One of the albums of the year...
Jon Bye

13:30 28th January 2011


This is undoubtedly why the featured artists on ‘No More Idols’ reads like a who’s who of hot artists of the moment. Inevitable start point for this is ironically the end of the album, where 'End Credits' outlines both the melodic versatility and energy that have given Chase and Status their reputation. It’s also the track that did more than a few favours in launching Plan B's touchy-feely new career.

As such there’s a few other surprising artists on here lined up in hope of the Midas touch. White Lies track 'Embrace' is one such port of call, as well as being one of the best put together crossover tracks sine the whole Run DMC and Aerosmith thing. 

Other contributions work to greater or lesser effect depending on your love of the artist. Cee Lo Green adds a sinister touch to 'Brixton Briefcase' while Dizzy Rascal drives things nice and grimey on 'Heavy'. However, 'Hitz' could have worked equally well without Tinie Tempah's stagnant rap clichés all over it, bringing the one dud perhaps to the album.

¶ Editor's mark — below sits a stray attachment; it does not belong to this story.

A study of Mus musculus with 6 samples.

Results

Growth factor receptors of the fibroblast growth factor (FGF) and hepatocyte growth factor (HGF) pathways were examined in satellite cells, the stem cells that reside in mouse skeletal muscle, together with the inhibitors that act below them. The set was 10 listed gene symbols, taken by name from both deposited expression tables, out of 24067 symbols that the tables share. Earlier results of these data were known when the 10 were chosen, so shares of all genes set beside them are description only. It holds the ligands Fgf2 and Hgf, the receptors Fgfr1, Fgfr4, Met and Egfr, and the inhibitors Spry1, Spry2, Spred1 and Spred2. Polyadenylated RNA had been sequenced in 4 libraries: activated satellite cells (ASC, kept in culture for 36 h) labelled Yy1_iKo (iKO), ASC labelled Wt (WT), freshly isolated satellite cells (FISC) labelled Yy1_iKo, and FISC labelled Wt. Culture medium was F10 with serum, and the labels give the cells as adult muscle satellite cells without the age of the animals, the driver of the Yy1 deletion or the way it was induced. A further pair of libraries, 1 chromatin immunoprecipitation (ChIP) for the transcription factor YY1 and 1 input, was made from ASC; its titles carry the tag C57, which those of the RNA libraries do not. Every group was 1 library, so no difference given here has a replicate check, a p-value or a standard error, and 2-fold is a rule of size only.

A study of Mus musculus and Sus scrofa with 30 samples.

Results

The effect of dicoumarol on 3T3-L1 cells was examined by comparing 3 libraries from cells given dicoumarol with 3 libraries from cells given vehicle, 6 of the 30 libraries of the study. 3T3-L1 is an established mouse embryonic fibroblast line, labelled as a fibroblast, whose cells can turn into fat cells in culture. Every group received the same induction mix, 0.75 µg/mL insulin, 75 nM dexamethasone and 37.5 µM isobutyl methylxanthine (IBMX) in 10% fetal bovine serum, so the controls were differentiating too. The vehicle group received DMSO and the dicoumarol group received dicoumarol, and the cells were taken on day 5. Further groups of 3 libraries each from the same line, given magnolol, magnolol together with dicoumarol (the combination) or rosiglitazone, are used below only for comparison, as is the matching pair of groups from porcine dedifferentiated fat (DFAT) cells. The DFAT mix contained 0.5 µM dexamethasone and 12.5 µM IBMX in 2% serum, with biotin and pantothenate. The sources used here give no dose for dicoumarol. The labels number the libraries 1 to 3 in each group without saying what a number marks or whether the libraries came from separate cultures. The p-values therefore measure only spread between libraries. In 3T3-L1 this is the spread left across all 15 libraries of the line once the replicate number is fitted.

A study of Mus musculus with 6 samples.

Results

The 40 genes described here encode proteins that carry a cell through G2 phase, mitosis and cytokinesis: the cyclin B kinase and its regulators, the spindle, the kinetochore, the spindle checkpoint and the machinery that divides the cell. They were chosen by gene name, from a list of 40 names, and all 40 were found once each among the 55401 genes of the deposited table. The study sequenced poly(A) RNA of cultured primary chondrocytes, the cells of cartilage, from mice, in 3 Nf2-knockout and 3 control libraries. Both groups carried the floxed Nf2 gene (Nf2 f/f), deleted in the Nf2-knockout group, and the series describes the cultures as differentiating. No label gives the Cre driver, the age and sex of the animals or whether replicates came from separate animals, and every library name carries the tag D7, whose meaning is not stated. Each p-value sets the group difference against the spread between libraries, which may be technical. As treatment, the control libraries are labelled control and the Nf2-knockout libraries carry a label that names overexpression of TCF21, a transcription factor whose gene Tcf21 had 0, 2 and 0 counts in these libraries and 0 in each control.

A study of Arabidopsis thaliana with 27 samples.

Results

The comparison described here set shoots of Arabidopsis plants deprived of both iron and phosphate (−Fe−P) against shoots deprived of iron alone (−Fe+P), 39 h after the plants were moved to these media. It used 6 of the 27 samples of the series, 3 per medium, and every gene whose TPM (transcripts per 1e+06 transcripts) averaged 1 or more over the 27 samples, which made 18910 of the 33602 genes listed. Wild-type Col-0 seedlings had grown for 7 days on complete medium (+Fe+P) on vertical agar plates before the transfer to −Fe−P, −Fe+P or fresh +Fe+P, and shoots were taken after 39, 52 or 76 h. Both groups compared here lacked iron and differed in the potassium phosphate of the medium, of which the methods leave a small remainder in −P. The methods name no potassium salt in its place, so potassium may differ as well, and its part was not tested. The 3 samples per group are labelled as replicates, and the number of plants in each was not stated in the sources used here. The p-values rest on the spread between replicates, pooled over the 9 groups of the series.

Arguably though, the standout tracks here are where the band go it alone. 'No Problem'. with its unique sample and tribal rhythm, stands a mile out  talent-wise and shows Chase and Status put a little more thought into their music than some other d'n'b artists out there.

In this respect, ‘No More Idols’ lives up to its name in that it sets a benchmark for other acts to follow. Though what’s on offer here isn't entirely ground breaking (fans of Pendulum and The Prodigy will have twinges of recognition throughout) this doesn't take anything away from 'No More Idols'. There is a very good reason why Chase and Status have got so many great artists collaborating with them on here; their material speaks for itself and potentially stands up beautifully on its own. Yet in cases such as 'End Credits', the move to collaborate with other artists takes great tracks and pushes that over the edge to seminal.

Certainly worth the wait, this is an early contender for one of the albums of the year. Be prepared to hear a hell of a lot more from this album as the year goes on.